The Times reports that the EU is going to commemorate the 50th anniversary of the Treaty of Rome by staging a football match on 13 March: the Europe XI led by David Beckham is going to take on Manchester United, who are currently sitting at the top of the English Premiership table. The match is to be played at the famous Reds' stadium, the Old Trafford. Marcello Lippi, the coach of the last year's Italian World Cup winners, has been entrusted with managing the Europe team by Michel Platini, the French football legend and the newly elected president of the UEFA (Union of European Football Associations). In my opinion, an ad-hoc Europe team is a very good way of cementing European identity, especially in Britain.
The article also states that "Mr Lippi and Mr Roxburgh [assistant coach] have been given permission by UEFA to approach players from the 52 nations affiliated to the organisation." The problem is that out of those 52 national football associations, some are not in Europe - Israel, Armenia, Georgia, Azerbaijan, Kazakhstan and Turkey. Yet they are still affiliated to the Union of European Football Associations. That allows their clubs to compete in the European cups, and their national teams to play against more attractive opponents. The UEFA is happy to maintain this state of affairs, because the more national associations it has under its wings, the bigger its clout inside the FIFA, the global body governing football. However, there are serious implications of the UEFA's opportunistic policy: it gives an argument to those who would like the EU to enlarge forever, beyond Europe: "they play football with us, they are in the same cultural sphere." (For an explanation of the concept of the European Public Sphere, read an excellent article by Matteo Garavoglia on Le Taurillon.)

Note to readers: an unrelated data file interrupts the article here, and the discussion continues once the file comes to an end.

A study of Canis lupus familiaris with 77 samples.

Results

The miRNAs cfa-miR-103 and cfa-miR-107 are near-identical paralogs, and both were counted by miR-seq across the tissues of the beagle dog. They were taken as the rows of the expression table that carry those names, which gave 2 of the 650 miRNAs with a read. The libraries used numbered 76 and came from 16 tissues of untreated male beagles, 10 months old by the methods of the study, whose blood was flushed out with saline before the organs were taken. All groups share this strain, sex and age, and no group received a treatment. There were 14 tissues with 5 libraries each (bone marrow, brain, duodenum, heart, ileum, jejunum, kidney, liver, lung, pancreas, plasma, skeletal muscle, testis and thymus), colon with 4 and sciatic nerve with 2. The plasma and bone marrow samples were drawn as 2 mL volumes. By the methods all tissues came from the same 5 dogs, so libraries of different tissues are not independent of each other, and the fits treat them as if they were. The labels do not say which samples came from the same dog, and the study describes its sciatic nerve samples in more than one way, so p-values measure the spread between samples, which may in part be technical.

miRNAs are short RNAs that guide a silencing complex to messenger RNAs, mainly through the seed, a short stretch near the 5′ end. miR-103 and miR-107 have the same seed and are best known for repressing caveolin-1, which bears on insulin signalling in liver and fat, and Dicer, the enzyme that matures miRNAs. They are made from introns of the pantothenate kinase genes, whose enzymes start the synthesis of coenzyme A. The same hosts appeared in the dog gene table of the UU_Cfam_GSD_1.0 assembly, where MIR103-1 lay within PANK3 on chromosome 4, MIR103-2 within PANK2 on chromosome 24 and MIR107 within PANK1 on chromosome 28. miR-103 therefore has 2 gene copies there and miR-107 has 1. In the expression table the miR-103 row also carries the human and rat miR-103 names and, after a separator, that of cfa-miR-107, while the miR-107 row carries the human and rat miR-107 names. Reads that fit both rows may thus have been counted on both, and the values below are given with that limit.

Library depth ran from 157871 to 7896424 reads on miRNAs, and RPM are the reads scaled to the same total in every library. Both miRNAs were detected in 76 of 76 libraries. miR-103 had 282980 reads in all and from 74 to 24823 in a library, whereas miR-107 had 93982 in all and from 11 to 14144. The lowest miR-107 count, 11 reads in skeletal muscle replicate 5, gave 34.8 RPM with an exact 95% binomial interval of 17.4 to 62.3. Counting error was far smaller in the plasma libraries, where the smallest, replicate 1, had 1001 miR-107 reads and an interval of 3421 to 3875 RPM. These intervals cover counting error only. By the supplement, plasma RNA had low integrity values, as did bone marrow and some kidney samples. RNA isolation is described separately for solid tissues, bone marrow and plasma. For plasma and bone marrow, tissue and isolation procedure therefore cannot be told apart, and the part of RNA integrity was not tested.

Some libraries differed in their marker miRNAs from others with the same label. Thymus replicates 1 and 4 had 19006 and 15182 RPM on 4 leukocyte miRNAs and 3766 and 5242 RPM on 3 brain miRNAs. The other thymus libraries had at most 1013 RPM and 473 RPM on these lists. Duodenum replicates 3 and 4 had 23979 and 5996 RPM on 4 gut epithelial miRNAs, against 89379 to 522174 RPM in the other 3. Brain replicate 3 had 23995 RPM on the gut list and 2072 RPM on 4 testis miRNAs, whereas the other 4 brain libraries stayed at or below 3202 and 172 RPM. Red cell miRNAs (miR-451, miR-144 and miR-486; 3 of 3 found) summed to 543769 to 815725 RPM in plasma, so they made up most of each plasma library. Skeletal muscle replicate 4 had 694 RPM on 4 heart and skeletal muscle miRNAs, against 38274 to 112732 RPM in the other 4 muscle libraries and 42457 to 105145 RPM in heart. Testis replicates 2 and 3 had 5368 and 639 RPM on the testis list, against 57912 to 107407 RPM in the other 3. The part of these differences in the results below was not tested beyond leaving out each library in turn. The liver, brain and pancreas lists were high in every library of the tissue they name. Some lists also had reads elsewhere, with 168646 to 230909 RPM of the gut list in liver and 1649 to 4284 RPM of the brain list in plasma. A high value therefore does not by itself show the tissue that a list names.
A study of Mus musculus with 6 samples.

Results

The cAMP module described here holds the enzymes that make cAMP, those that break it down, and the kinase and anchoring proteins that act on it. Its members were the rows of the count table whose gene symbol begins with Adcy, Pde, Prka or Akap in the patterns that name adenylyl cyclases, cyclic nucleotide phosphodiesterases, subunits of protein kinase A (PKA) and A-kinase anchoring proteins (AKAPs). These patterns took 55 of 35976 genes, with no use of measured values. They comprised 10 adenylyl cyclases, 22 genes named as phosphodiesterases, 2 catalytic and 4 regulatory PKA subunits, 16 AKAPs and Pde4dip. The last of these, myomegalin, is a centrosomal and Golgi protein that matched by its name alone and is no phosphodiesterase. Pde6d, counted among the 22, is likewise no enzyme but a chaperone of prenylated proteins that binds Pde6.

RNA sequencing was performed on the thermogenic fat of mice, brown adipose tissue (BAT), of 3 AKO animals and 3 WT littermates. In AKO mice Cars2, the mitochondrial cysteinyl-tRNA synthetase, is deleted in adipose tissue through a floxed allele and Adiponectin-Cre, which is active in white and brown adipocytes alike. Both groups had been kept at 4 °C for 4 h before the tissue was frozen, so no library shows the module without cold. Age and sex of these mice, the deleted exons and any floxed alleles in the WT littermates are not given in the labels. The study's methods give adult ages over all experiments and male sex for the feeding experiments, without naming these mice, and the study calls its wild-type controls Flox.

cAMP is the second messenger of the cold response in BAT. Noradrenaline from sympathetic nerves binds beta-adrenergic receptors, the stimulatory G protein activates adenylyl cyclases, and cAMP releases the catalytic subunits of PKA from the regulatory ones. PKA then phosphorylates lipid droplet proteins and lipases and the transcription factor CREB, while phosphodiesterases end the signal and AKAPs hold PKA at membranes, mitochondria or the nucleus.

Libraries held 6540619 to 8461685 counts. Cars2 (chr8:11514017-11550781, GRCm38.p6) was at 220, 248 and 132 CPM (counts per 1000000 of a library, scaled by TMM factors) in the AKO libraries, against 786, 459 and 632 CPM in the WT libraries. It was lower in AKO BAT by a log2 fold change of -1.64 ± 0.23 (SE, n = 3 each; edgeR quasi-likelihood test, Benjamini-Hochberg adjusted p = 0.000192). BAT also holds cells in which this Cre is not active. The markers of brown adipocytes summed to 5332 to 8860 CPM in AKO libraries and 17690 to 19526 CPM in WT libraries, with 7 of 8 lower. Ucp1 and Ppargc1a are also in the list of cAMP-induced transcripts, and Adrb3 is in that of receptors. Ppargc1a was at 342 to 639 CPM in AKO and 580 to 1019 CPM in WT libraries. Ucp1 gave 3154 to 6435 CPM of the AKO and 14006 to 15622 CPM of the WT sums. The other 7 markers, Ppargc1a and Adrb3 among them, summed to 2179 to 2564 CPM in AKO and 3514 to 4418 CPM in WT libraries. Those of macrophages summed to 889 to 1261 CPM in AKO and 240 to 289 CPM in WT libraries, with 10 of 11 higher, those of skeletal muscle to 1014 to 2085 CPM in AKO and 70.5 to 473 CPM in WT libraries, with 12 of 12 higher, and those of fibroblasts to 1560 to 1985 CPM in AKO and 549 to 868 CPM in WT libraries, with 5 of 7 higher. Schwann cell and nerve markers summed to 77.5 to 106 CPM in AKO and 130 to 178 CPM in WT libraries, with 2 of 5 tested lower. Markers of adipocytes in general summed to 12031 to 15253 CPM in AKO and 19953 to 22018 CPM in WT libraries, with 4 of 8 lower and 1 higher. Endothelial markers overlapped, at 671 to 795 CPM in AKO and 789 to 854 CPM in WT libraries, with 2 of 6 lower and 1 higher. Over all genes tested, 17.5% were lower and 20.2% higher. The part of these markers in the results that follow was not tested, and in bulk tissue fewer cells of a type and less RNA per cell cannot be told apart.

Let us hope that Lippi will only choose players from the current EU states, and other European nations. Indeed, should he include non-EU European players in his squad, it would boost the idea of European unification, which I described in this article for Le Taurillon.
No doubt that Chelsea's Andriy Shevchenko of Ukraine and Arsenal's Alexander Hleb of Belarus will get the nomination. Shevchenko's inclusion in the EU team would confirm the new pro-EU course of the Ukrainian prime minister Viktor Yanukhovich. Yanukhovich was famously ousted by the "Orange Revolution" in 2004. Shevchenko stood up for him in the media, while Yanukhovich's archrival Yuschenko was supported by Ruslana, the winner of the 2004 Eurovision Song Contest. Hleb's inclusion would give a signal to the people of Belarus that there is a European future for them, shall the Lukashenka's regime crumble.